No DNA data lost – but a future hack could have severe repercussions, security researchers warn
No DNA data has been lost as a result of a hack at genealogy and DNA testing website MyHeritage that resulted in the leak of 92,283,889 email addresses and hashed user passwords the company has claimed.
“Sensitive data such as family trees and DNA data are stored by MyHeritage on segregated systems, separate from those that store the email addresses, and they include added layers of security. We have no reason to believe those systems have been compromised,” the Israel-based company said.
The announcement came two days after the company was directed by a security researcher to a file named myheritage containing email addresses and hashed passwords, on a private server outside of MyHeritage. The hack appears to have happened on October 26, 2017.
MyHeritage said the password hash key differs for each customer; it is likely using a salt as a result; a unique value added to the password before hashing to make the hash more robust.
Gemalto CTO of Data Protection Jason Hart said: “This reinforces again that being breached is not a question of ‘if’ but ‘when’. Perimeter defences are just what they are, first lines of defence. When those fail, the only way data can be protected is to encrypt it. It is especially important that sensitive personal data is always be encrypted. That way, if the data is stolen it is useless to the thieves.”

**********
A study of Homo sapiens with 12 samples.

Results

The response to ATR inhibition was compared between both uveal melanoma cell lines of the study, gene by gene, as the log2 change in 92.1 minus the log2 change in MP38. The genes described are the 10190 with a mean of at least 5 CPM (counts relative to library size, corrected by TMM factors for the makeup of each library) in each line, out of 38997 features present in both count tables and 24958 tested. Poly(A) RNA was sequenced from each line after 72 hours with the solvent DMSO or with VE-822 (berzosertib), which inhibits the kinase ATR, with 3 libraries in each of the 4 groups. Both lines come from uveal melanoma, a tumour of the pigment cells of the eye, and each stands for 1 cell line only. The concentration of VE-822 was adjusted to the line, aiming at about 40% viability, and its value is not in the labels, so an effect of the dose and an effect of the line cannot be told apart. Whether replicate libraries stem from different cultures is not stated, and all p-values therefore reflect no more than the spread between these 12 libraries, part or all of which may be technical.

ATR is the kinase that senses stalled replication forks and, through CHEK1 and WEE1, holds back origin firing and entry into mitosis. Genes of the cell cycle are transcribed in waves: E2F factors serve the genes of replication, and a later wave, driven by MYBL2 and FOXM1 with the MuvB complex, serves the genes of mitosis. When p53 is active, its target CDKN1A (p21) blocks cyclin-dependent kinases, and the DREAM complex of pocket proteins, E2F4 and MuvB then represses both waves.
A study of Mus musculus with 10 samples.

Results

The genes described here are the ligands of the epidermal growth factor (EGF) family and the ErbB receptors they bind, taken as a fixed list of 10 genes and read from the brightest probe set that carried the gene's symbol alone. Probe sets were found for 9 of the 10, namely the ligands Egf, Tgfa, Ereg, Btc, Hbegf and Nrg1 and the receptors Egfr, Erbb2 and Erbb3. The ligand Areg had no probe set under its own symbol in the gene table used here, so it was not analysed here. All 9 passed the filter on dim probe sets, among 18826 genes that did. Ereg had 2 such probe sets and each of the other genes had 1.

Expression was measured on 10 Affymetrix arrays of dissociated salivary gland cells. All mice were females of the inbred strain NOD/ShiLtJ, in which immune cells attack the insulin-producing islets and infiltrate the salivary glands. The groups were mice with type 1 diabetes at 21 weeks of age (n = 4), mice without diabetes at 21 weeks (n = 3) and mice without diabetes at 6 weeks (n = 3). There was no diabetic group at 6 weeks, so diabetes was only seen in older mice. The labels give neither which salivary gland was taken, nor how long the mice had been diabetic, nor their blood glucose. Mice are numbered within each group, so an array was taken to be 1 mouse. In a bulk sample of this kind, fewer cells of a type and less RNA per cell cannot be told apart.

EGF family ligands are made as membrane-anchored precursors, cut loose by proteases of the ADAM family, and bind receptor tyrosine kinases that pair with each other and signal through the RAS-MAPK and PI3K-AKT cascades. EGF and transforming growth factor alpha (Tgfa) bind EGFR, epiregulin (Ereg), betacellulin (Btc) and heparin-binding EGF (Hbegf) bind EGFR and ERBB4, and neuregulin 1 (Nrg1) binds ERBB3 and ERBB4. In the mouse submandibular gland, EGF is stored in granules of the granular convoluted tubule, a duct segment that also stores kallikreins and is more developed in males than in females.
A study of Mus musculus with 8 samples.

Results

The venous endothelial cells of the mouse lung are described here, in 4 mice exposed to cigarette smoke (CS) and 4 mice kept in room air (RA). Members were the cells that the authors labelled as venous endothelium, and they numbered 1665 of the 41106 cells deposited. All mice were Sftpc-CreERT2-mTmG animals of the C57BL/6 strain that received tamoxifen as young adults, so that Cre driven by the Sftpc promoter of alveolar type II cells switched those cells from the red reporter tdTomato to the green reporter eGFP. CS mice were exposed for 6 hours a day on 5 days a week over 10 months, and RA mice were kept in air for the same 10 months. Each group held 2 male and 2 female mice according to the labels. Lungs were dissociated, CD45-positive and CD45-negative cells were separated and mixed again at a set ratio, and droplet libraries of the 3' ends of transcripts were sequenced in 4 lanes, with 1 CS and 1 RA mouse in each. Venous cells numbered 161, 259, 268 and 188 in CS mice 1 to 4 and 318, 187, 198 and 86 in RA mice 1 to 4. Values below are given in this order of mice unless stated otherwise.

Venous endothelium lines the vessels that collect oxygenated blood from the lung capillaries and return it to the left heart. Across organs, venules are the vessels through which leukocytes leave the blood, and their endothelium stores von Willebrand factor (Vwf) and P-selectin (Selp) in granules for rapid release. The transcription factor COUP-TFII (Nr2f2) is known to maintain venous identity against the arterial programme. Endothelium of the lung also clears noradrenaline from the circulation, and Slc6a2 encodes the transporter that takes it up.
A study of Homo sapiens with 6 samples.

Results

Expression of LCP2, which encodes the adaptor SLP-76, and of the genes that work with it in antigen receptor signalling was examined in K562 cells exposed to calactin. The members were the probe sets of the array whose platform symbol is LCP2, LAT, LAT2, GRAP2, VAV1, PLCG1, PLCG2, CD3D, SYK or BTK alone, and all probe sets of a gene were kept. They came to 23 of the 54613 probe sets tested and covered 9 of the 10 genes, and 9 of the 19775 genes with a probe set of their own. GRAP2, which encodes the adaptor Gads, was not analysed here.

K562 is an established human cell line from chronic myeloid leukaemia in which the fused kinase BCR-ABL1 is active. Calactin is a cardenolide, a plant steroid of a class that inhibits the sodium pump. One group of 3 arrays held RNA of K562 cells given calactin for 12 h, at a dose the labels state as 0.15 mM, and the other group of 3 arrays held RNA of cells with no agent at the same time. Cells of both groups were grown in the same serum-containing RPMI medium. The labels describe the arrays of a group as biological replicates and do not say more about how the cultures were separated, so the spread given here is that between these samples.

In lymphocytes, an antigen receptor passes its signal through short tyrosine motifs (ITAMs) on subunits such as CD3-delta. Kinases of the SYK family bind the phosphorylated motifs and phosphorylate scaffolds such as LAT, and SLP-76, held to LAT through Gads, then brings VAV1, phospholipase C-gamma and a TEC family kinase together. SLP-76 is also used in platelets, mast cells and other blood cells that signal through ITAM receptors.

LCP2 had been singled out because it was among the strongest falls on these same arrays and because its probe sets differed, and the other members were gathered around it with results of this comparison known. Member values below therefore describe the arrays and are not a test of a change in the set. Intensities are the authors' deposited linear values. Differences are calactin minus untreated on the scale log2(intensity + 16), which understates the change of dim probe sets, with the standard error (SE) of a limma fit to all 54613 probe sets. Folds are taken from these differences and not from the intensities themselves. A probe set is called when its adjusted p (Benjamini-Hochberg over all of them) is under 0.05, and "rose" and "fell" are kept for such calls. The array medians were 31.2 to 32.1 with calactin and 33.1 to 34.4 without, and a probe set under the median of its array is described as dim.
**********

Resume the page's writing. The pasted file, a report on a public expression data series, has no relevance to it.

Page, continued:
He added: “MyHeritage noted that it plans to add additional protective measures in the future. While it appears that MyHeritage hashed its passwords, this is a weak form of protection. Given today’s security climate, all online companies should have multi-factor authentication activated by default for all online accounts as well as using encryption and key management to secure sensitive data.”
“A Serious Wake Up Call”
Rashmi Knowles, EMEA Field CTO at RSA Security, told Computer Business Review: “While only email addresses were compromised, this should serve as a serious wake up call for all handlers of genetic data. If your password is stolen, it can be updated, but this isn’t the case with genetic information – you only have one genetic identity, so if this is stolen there are potentially much more serious consequences.”
He added: “But many people don’t think about this when applying for such services. No matter how secure the organisation, no one is completely risk-free, and if breached, genetic data could be sold on hackers without your consent, or the characteristic data it contains could be used to hijack your online accounts.”
“There’s even a possibility that hackers can amend or even delete genetic data in some cases, which could have serious implications for the victim and the level of healthcare or even health insurance they could access in the future.”
The breach comes weeks after police used a DNA match on a publicly available genealogy website to catch the Golden State killer, a notorious serial killer.